SaaS Contractual Considerations: Part I

Despite the claims to the contrary from the monolithic on-premise players who are threatened by the new platform and all of the advantages it has to offer, SaaS is gaining momentum. The best evidence I have to offer is the rate at which analysts and bloggers, including yours truly, are getting inquiries into how to evaluate these offerings from a functional and TCO perspective and how to construct the contract. And it’s not just buyers who want to know what needs to be in the contract to protect their investment. Providers also want to know what clauses they should be including to protect themselves as well.

As I am not a lawyer, I cannot claim to be an expert on contract construction of any kind, but I can claim to be very familiar with IT contracts (as someone who has always handled his own and been involved in their construction and review at a number of companies) and to have considerable knowledge with regards to issues that need to be addressed on both sides of the table. Thus, I give you the doctor‘s top issues for consideration when negotiating your next SaaS contract in addition to the standard issues of term, fees, liability, representations, warranties, confidentiality, insurance, indemnity, rights, relationship, dispute resolution, publicity, and government law that your lawyers will remind you of in every contract drafting. Today, we’ll focus on the buyer:

For the Buyer:

  • Data Export, Backup, & Security
    It’s your data and you should have full access to it 100% of the time and the ability to extract some of it or all of it on a whim with little or no notice to a standard, open format such as CSV, EDI, or XML. Of course, if the provider is hosting your entire ERP system and you have Gigabytes of data, expect to pay a bandwidth usage fee if you plan to do this regularly, or a service fee if you require the provider to back it up to encrypted DVDs or Tape and courier the data to you. Similarly, it’s your data and you have every right to expect it to be secure and available no matter what. Insure that the provider is required to do complete backups at least daily, incremental backups at least hourly, and required to store a copy of the encrypted daily backups in an off-site location.
  • System Availability & Up-Time
    One of the attractions of SaaS is the 24/7 uptime that your average company IT shop, that works 9 to 5 in one time zone, can’t deliver. Make sure the system has a guaranteed up-time of 99.999% when you need it (e.g. between 8 am PST and 8 pm GMT if your users are predominantly in North America or Europe) and that you have at least 99.5% uptime the rest of the time, with scheduled maintenance only occurring in agreed upon time windows with adequate notice.
  • Pay For Use
    The beauty of SaaS is the scalability it offers you and the ability to add or subtract users as needed. Make sure you’re SaaS agreement only charges you for the number of users with active accounts (subject to any minimum number of seats you might have agreed to) on a monthly basis.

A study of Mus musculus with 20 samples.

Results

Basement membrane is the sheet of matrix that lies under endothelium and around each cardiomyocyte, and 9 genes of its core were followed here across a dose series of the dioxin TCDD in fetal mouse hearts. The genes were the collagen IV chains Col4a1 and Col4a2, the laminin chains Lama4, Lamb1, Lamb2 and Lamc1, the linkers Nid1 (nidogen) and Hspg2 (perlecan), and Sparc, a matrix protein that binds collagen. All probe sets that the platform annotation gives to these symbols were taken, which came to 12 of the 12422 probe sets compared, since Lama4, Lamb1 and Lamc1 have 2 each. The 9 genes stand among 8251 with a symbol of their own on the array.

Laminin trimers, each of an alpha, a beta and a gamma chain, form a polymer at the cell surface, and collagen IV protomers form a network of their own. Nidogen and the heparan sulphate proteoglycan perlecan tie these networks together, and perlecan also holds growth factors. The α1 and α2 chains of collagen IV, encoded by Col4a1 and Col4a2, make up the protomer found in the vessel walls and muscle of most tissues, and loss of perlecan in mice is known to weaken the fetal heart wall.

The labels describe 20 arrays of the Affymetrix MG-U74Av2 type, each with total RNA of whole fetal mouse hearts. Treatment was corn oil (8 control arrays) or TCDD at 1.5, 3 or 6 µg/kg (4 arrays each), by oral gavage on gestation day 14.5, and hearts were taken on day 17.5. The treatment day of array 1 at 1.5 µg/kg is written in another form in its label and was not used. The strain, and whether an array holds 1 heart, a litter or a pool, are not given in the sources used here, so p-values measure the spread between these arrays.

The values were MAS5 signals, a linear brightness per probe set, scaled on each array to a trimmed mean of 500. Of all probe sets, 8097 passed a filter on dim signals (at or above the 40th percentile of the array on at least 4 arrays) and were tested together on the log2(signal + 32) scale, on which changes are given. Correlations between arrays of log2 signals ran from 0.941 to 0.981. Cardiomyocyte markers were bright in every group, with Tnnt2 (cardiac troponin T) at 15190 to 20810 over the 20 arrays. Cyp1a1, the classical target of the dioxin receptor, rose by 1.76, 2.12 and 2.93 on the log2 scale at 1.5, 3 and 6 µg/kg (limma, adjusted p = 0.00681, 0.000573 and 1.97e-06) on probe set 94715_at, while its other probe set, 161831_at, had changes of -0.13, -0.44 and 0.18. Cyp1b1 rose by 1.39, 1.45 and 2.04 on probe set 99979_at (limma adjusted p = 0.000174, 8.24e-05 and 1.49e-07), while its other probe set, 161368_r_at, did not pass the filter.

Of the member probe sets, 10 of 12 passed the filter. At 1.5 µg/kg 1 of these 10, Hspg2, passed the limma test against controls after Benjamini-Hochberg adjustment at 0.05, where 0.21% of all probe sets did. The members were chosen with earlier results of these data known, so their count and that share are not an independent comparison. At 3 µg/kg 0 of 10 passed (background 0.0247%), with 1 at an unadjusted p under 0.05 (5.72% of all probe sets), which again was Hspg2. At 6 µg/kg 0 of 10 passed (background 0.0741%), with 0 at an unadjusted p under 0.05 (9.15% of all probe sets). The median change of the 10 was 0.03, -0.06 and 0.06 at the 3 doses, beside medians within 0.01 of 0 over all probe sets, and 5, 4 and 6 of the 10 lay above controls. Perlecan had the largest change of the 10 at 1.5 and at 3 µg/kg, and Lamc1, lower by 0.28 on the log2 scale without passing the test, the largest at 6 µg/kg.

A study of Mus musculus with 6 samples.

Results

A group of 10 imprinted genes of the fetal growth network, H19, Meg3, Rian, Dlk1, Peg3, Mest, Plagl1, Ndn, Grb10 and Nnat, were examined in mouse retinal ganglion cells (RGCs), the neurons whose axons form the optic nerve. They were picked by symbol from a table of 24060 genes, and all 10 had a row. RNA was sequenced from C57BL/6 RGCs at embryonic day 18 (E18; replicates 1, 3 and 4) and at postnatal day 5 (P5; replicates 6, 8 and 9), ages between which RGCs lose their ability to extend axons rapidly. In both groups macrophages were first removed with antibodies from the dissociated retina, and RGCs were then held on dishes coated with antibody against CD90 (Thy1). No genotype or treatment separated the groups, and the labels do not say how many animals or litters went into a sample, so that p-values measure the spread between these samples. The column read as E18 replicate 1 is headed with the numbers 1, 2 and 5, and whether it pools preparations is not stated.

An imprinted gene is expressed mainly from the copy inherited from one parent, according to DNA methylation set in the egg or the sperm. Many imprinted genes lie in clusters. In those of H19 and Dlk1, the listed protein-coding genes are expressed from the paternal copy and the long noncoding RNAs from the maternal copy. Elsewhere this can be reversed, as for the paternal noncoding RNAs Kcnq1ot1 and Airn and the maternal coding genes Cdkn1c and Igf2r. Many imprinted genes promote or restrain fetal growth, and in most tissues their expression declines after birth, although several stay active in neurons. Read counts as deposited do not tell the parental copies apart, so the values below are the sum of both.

• Guaranteed Response Time
    There’s no perfect software system and something will inevitably go wrong with on-demand just like something inevitably went wrong with your current on-premise system. Make sure that the provider agrees to start investigating all outages immediately during agreed upon normal operating hours for your business and within 30 to 60 minutes otherwise. Make sure they are required to get back to you with progress within a maximum timeframe of 60 minutes and to report on progress on an agreed upon schedule.
  • Escrow & Guaranteed Availability
    You generally select an enterprise system with the intent of using it for at least the mid-term, if not the long term, and if a system works well for you, the last thing you want to happen is for the provider to disappear (either due to financial failure or M&A) and take its system with it. Thus, it’s important to take precautions that will insure that, no matter what, you will have continue access to the system for as long as you so desire. The way to do this is to (1) insist on escrow and immediate access to the updated source code and related documentation which is to include required system architectural designs, complete installation instructions, and maintenance and support manuals that are kept up to date on every release and (2) forced support for a minimum period of time on material change of ownership, including the option to acquire the system from escrow at an agreed upon perpetual (annual) license cost at the end of the the minimum support period if the acquiring company no longer wishes to support the system.

Be sure to check out the Master “Software as a Service” Managed Services Agreement in the Procurement-Based Contract Templates, Version 2, that is made freely available to you by Stephen Guth of The Vendor Management Office blog.